When small advisory firms start branding themselves, somehow images of trees, lighthouses and colonial homes start appearing on their web sites along with the requisite buzzwords: client-centric, holistic, legacy, trust.
It’s an understandable effort, but there is a sense that using social media simply to highlight a re-hashed mission statement isn’t necessarily going to cut it for some advisors. The more progressive ones in the industry are attempting to break from the pack, adopting video and podcasts, and even more fringe social media platforms like Instagram and Pinterest, to market themselves beyond the clip art and clichés.
Take the St. Louis, MO.-based Larson Financial Group (http://larsonfinancial.com) . The firm primarily targets physicians and dentists as its clients, growing to 23 offices with 500 clients across the country in the last seven years.
To get beyond the yawn-inducing marketing tactics, Larson started producing videos for its web site and hosting them on YouTube just over a year ago. There are nine to date on subjects from tax planning to investment strategies — and the short films are the most popular section of their site, says Reed Smith, Larson’s head of marketing.
“People don’t want to read an article,” says Smith. “They’d rather just watch the videos on our home page.”
It’s hard to avoid the videos on the front page of Brittney Castro’s site . Sure she has a tree planted right at the top, but so too are nine videos with titles including, “Debt Reduction: It’s a Mindset Thing.” Posting a new video each week, the Los Angeles-based Castro knows they’re bringing in prospects. They also help potential clients feel they’ve met her — before they even pick up the phone.
“I wanted people to get to know me a bit more,” says Castro, about why she continues to focus on this arm of her marketing strategy. “The videos add a personal touch.”
John Pollock believes so strongly in video  he posts one a day, keeping them as short as a minute or less, and optimizing them to give him an advantage for search engines — and clearly prospectsto find him.
“People are watching them,” says the Allen, TX.-based financial and tax advisor. “Then when they come in they’re already sold.”
Some financial advisors feel perfectly fine building a site and letting it marinate on the Web, hoping prospects will read through canned tag lines before picking up the phone. But with top investment houses dipping their toes into digital media, independents are unwise to ignore tools that can liven their online calling cards. Alongside videos, another new favorite is Pinterest — hardly the glut of cute cat and food images many associate with the social network. Pinterest is slowly making inroads among pioneering financial advisors who are experimenting with visual content to attract prospects.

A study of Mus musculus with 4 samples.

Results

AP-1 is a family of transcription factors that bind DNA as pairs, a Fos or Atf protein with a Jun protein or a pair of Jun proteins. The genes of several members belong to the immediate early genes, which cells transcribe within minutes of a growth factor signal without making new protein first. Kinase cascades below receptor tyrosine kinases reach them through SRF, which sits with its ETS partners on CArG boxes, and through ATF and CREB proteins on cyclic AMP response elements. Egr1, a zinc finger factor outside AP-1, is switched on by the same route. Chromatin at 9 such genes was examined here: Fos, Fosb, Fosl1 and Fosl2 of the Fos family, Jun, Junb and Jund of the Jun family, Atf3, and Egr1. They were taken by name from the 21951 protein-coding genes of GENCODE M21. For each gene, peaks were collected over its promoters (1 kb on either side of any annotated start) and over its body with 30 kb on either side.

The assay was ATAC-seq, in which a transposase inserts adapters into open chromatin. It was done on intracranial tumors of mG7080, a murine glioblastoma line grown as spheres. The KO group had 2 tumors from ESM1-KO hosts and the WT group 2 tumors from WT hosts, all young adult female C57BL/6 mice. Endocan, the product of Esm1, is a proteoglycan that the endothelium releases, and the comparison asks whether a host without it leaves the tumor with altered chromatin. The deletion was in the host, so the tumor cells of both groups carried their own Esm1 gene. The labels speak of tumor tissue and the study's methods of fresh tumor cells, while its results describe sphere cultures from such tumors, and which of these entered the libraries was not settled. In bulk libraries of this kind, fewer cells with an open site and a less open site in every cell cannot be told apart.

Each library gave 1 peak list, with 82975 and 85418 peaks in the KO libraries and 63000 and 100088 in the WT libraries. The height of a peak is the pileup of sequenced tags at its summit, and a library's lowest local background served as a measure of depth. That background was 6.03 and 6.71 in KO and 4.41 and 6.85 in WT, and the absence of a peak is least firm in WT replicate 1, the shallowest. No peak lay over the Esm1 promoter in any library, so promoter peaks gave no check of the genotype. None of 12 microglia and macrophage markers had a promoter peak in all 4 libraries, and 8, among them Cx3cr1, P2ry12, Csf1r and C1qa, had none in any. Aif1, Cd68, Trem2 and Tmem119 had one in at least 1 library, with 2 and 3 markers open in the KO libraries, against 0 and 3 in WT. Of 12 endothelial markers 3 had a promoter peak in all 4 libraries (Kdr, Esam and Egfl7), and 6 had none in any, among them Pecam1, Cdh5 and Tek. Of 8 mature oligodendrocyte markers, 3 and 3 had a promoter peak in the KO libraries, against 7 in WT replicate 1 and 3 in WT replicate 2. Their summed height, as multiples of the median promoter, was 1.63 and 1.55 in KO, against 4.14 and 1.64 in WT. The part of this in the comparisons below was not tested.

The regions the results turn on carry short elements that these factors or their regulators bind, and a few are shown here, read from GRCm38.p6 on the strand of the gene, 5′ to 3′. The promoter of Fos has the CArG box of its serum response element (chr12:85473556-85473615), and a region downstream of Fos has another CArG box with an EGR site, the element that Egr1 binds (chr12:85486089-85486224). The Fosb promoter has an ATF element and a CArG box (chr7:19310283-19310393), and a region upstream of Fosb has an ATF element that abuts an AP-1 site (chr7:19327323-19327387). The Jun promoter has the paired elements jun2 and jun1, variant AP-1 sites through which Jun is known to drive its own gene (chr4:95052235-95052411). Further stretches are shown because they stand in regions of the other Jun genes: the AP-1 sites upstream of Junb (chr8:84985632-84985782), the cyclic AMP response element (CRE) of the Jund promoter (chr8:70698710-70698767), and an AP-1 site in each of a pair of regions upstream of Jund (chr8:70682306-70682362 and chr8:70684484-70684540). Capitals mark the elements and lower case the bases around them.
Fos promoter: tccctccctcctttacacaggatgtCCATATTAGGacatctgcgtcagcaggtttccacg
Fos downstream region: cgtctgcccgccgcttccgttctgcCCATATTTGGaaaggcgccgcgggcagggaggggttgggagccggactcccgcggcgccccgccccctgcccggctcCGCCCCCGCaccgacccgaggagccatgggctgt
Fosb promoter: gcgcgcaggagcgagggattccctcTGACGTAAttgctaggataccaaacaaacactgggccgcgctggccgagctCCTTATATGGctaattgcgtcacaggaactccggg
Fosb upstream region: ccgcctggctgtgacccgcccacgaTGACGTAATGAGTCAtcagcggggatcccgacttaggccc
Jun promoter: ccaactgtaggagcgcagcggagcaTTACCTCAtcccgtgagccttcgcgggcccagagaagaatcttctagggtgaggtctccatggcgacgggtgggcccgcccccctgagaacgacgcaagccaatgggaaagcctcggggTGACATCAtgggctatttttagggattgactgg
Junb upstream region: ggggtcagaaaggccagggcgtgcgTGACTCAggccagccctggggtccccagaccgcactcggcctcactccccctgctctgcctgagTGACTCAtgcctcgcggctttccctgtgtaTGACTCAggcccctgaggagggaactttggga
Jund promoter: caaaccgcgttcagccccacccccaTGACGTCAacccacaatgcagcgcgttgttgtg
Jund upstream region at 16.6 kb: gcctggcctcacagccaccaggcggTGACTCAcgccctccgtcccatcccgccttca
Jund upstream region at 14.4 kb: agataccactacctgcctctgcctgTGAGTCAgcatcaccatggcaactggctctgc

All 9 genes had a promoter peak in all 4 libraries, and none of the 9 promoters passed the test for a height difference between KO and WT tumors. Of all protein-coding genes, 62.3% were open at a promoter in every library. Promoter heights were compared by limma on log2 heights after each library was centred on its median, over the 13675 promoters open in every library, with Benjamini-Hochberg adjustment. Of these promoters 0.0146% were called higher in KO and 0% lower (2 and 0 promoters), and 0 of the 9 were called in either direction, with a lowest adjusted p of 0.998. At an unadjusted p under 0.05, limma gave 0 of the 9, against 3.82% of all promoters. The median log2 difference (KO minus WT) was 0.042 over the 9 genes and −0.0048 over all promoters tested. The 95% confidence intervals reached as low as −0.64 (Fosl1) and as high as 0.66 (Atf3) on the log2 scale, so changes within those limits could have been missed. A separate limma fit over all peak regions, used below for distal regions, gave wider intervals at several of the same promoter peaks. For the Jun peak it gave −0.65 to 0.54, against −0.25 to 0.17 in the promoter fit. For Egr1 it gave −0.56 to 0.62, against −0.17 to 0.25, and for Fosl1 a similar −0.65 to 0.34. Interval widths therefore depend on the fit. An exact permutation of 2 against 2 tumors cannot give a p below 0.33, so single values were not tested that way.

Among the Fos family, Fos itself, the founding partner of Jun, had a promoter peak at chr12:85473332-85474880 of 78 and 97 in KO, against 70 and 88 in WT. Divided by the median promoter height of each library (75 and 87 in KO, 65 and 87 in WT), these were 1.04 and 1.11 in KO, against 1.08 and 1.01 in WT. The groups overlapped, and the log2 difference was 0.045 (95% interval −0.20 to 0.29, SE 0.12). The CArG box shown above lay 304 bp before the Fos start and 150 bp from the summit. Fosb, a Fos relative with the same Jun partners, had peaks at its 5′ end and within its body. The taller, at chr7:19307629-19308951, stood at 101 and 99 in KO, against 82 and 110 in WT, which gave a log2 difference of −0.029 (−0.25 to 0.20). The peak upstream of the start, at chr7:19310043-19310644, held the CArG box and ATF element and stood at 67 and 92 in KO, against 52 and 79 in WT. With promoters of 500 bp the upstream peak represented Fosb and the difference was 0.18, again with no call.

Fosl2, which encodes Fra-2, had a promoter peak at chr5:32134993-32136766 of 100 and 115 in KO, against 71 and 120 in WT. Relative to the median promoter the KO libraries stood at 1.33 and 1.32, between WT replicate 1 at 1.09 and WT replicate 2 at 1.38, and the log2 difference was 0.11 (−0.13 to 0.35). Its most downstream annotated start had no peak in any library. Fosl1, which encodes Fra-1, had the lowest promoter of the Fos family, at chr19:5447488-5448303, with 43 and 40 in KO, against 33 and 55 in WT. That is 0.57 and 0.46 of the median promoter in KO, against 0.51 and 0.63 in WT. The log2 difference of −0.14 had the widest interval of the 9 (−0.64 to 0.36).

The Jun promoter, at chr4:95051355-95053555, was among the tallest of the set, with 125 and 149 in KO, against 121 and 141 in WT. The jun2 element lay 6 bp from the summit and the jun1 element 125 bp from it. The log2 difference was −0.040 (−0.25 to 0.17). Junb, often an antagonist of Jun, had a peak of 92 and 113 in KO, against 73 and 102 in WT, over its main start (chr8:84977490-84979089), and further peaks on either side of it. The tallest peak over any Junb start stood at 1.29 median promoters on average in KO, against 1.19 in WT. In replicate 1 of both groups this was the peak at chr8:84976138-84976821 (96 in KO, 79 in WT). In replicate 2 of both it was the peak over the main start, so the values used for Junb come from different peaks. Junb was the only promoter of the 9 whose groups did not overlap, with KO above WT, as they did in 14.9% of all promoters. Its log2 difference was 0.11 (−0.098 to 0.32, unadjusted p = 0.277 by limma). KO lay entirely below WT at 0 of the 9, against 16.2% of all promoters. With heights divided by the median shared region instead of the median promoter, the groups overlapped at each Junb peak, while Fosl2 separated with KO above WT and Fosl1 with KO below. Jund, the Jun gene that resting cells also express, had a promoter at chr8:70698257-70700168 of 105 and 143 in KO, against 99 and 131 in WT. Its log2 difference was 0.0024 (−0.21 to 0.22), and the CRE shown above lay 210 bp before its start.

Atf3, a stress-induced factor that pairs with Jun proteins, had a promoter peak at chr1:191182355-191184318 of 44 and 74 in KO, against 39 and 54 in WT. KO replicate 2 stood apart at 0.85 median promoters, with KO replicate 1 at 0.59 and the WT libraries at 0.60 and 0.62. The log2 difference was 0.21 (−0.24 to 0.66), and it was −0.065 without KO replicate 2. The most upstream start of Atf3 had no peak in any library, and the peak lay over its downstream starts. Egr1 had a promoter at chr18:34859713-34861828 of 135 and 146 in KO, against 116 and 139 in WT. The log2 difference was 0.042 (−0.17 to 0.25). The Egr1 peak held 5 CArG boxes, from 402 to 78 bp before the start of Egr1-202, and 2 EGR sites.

At Larson Financial Group, the firm launched a Pinterest account  about a year ago. While Smith says they don’t have strong numbers yet to prove the site is working, the firm is still investing time to build its boards of “Awards!,” “Books Worth Reading,” and “Doctor’s Eyes Only.”
Jeff Cutter of Cutter Financial Group just launched his Pinterest account  in June, because he says he has to be aggressive and experiment, particularly if he wants to stand out from other advisors today. And he’s already signed a client who found him from the site.
“Anything we do is about branding,” says Cutter, based in Falmouth, MA. “If you’re going to be on social media and not treat it from how you brand yourself, then you won’t get any type of results.”
While Cutter has a consultant manages much of his social media, Cutter’s on his Pinterest account often, building his first board, “Retirement Bucket List,” himself. He’s a convert to growing his brand by looking beyond the played icons and catch phrases that litter many advisory firms’ sites. After all, he’s seen the results.
“A client who contacts me from a seminar is one that’s much different from one who has already been on Twitter or Pinterest,” he says. “They already know more about me.”